The inaugural lecture for the newly introduced History of Medicine Visiting Speaker Series took place earlier this month with huge success. Nearly 100 people were in attendance for Dr. Dale C. Smith’s lecture, “Caring for the Wounded: How the Great War Medical Experience Shaped Post-War American Surgery.”
Faculty, staff, students and community members enjoyed an exciting three-part story by Dr. Smith. Dr. Smith's expertise, enthusiasm and eloquent delivery captivated audience members, as he intertwined history with important medical values of professionalism and doctoring.
Dr. Smith addressed the overall war experience with regards to surgery and its impact after the war. He also discussed leading American surgeons like Dr. George Crile, Dr. Harvey Cushing and others who served overseas, to attempt to improve surgical outcomes by limiting infection in the wounded areas, refining blood transfusion techniques, and more.
“Professor Smith's talk launched our new History of Medicine Visiting Speaker Series in a spectacular way,” said Shelley Mckellar, Jason A. Hannah Chair in the History of Medicine. “He is a leading scholar in the field of military medicine and history, and we were delighted that he agreed to be our inaugural speaker in this series.”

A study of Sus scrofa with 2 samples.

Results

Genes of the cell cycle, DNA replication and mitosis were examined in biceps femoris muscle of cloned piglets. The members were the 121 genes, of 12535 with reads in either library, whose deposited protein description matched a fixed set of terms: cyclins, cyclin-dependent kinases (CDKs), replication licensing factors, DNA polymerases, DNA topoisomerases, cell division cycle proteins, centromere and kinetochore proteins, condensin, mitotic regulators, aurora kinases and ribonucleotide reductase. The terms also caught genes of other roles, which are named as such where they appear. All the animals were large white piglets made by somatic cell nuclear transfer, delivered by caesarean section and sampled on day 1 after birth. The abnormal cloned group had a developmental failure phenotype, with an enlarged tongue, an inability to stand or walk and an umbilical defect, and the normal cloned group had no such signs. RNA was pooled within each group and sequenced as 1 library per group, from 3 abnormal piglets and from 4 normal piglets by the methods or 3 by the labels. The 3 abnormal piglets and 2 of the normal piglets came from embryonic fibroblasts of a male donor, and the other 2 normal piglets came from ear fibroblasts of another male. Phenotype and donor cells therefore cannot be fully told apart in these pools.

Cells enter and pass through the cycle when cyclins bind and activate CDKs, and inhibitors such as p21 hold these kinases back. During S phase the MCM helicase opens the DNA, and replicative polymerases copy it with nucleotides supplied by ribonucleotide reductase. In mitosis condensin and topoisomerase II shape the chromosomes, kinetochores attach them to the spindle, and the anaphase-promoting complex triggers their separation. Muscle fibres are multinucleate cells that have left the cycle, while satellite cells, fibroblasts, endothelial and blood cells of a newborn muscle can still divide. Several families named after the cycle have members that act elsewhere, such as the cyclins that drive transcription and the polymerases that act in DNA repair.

Earlier in the day, Dr. Smith joined the Osler Society for a lunchtime session on the history of battlefield medicine. With 25 medical students in attendance, Dr. Smith discussed the challenges and impact of medicine in times of war, the differing perspectives of the military doctor as opposed to the civilian doctor treating soldiers at the front, as well as the broader practice of emergency medicine.
The expected five-year series has been made possible by a generous donation from a Western University alumnus.
“We are grateful for the opportunity to bring in such high-caliber scholars to the Western community and thank our donor for sponsoring this series,” said McKellar.
The series will return next year with yet another captivating speaker. Keep an eye out for more details.